At the Hong Kong Fintech week, the Chief Executive Officer of the Securities and Futures Commission (SFC), Mr Ashley Alder, announced the rollout of a new regulatory framework for virtual asset trading platforms. The regulation of virtual asset trading platforms (and whether they should fall within the SFC’s regulatory oversight) has been a key regulatory priority for the SFC over the past year (please see the SFC’s 1 November 2018 statement here). The new regulatory framework applicable to in-scope virtual asset trading platforms (see further below) is set out in the SFC’s position paper released on 6 November 2019. The SFC also concurrently released a warning statement advising investors of the risks associated with the purchase of virtual asset futures contracts in Hong Kong.
Under the new framework, a centralised online trading platform in Hong Kong offering to trade at least one security token on its platform will require a licence for Type 1 (dealing in securities) and Type 7 (providing ATS) regulated activities. A platform operator trading only non-security virtual assets or tokens (e.g. those which do not meet the definition of “securities” or “futures contracts” under the Securities and Futures Ordinance) will fall outside of the framework. Accordingly, platform operators can effectively “opt-in” to regulation.
The SFC will impose the following licensing conditions (amongst others) on an in-scope virtual asset trading platform:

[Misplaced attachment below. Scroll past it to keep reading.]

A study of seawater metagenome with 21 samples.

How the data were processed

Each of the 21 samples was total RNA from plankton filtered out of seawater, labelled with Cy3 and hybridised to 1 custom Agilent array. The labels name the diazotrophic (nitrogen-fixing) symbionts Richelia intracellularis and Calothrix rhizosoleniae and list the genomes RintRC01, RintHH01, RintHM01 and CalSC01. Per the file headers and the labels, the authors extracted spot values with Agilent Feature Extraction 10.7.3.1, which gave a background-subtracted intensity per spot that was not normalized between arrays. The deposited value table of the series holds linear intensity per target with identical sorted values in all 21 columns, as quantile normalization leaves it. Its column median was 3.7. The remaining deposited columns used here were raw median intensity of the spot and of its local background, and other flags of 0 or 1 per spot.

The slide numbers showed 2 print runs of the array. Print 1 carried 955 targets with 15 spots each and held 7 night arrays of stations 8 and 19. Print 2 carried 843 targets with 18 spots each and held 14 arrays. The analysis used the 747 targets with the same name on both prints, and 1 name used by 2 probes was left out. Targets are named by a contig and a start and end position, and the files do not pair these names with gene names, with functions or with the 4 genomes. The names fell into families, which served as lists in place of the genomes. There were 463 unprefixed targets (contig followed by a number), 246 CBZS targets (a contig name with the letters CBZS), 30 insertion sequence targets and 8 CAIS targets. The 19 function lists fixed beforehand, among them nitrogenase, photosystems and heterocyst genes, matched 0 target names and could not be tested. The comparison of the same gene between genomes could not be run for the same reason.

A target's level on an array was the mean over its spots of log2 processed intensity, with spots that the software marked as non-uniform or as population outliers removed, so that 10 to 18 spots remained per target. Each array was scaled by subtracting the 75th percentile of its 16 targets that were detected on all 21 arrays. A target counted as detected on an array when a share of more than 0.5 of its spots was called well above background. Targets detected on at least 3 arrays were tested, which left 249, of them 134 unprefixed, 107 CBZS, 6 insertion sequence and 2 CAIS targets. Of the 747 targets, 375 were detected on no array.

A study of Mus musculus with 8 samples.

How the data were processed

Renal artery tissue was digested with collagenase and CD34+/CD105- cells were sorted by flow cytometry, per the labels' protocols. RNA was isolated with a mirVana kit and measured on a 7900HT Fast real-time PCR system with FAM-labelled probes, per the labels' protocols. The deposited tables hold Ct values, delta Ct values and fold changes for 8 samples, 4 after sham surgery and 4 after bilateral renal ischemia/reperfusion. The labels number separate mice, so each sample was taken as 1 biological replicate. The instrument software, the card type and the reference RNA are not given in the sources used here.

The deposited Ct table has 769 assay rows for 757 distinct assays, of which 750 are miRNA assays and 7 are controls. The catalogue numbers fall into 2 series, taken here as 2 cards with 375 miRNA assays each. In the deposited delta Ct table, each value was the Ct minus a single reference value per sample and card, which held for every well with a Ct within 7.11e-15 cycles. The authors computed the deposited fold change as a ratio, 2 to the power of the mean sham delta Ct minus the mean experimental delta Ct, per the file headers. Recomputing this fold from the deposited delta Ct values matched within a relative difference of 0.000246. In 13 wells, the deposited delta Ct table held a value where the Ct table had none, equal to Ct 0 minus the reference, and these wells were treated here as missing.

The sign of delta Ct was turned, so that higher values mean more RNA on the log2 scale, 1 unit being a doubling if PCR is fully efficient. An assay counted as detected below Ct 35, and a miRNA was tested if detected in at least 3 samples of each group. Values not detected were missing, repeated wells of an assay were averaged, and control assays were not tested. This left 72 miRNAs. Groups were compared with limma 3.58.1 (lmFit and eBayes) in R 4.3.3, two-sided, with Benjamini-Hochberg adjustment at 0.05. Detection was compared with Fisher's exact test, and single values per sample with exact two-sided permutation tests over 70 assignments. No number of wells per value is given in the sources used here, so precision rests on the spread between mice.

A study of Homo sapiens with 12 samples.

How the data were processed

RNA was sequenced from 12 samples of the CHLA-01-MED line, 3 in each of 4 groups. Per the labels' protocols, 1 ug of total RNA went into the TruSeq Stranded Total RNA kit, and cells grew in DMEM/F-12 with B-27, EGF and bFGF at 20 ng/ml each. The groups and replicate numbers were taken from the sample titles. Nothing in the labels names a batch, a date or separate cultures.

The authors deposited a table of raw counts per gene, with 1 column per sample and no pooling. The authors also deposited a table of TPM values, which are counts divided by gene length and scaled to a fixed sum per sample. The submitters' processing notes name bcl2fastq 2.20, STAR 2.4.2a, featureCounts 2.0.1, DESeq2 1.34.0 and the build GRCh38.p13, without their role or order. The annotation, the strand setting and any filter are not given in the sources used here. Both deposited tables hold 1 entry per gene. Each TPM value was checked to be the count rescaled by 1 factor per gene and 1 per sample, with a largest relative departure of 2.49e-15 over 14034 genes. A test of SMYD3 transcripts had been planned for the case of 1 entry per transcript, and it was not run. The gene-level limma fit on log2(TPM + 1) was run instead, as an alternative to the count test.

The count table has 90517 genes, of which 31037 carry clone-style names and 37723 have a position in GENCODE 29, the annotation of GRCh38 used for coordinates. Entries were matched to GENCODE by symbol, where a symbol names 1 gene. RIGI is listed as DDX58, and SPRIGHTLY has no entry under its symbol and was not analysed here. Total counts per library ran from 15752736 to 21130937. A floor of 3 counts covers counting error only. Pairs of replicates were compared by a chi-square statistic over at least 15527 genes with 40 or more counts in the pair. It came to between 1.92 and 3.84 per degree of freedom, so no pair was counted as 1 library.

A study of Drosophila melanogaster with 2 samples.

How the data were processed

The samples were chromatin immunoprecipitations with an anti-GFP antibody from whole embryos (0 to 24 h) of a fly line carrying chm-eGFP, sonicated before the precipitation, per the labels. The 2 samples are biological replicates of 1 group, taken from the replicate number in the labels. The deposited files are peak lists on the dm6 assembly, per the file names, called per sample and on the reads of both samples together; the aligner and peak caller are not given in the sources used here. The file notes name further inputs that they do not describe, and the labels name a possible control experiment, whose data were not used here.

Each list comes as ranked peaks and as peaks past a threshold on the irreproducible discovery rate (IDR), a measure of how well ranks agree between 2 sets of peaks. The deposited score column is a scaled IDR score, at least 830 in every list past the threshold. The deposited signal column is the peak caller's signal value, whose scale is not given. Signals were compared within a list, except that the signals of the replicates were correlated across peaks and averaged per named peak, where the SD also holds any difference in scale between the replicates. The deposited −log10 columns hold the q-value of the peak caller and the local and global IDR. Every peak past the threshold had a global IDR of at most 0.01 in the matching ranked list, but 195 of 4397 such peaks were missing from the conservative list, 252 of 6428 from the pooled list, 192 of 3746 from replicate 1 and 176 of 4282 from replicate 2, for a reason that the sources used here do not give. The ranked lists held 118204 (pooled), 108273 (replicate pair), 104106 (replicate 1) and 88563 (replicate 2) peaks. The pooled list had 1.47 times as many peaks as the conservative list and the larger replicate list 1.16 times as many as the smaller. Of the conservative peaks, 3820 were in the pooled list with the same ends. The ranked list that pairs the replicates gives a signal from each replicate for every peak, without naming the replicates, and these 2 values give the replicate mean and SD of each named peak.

- that its services be offered to professional investors only;
- that the Terms and Conditions for Virtual Asset Trading Platform Operators be complied with (these cover, for example, safe custody of assets, KYC requirements, AML/CTF obligations and insurance requirements in respect of custody of virtual assets held in hot and cold storage – please see Appendix 1 to the position paper for further details); and
- that it adopts a reputable external market surveillance system (in addition to its own market surveillance policies and controls) to identify, monitor, detect and prevent any market manipulative or abusive activities on its platform.
It should be noted that if a platform operator offers to trade non-security tokens alongside security tokens, all aspects of its business (including those parts relating to the trading of non-security virtual assets or tokens) should meet the regulatory standards under the framework as the SFC’s supervisory powers will extend to all parts of its business.
Once licensed, the SFC will place the in-scope virtual asset trading platform operator in its Regulatory Sandbox and will closely supervise its business (e.g. frequent reporting, monitoring and reviews).
At this stage, the SFC will focus its efforts on trading platforms which provide trading, clearing and settlement services for virtual assets and those which have control over investors’ assets. The SFC will not accept licensing applications from (i) platforms which only provide a direct peer-to-peer marketplace for investors who retain control over their own assets (whether it be fiat currencies or virtual assets) or (ii) platforms which trade virtual assets for clients (including order routing) but do not provide automated trading services themselves.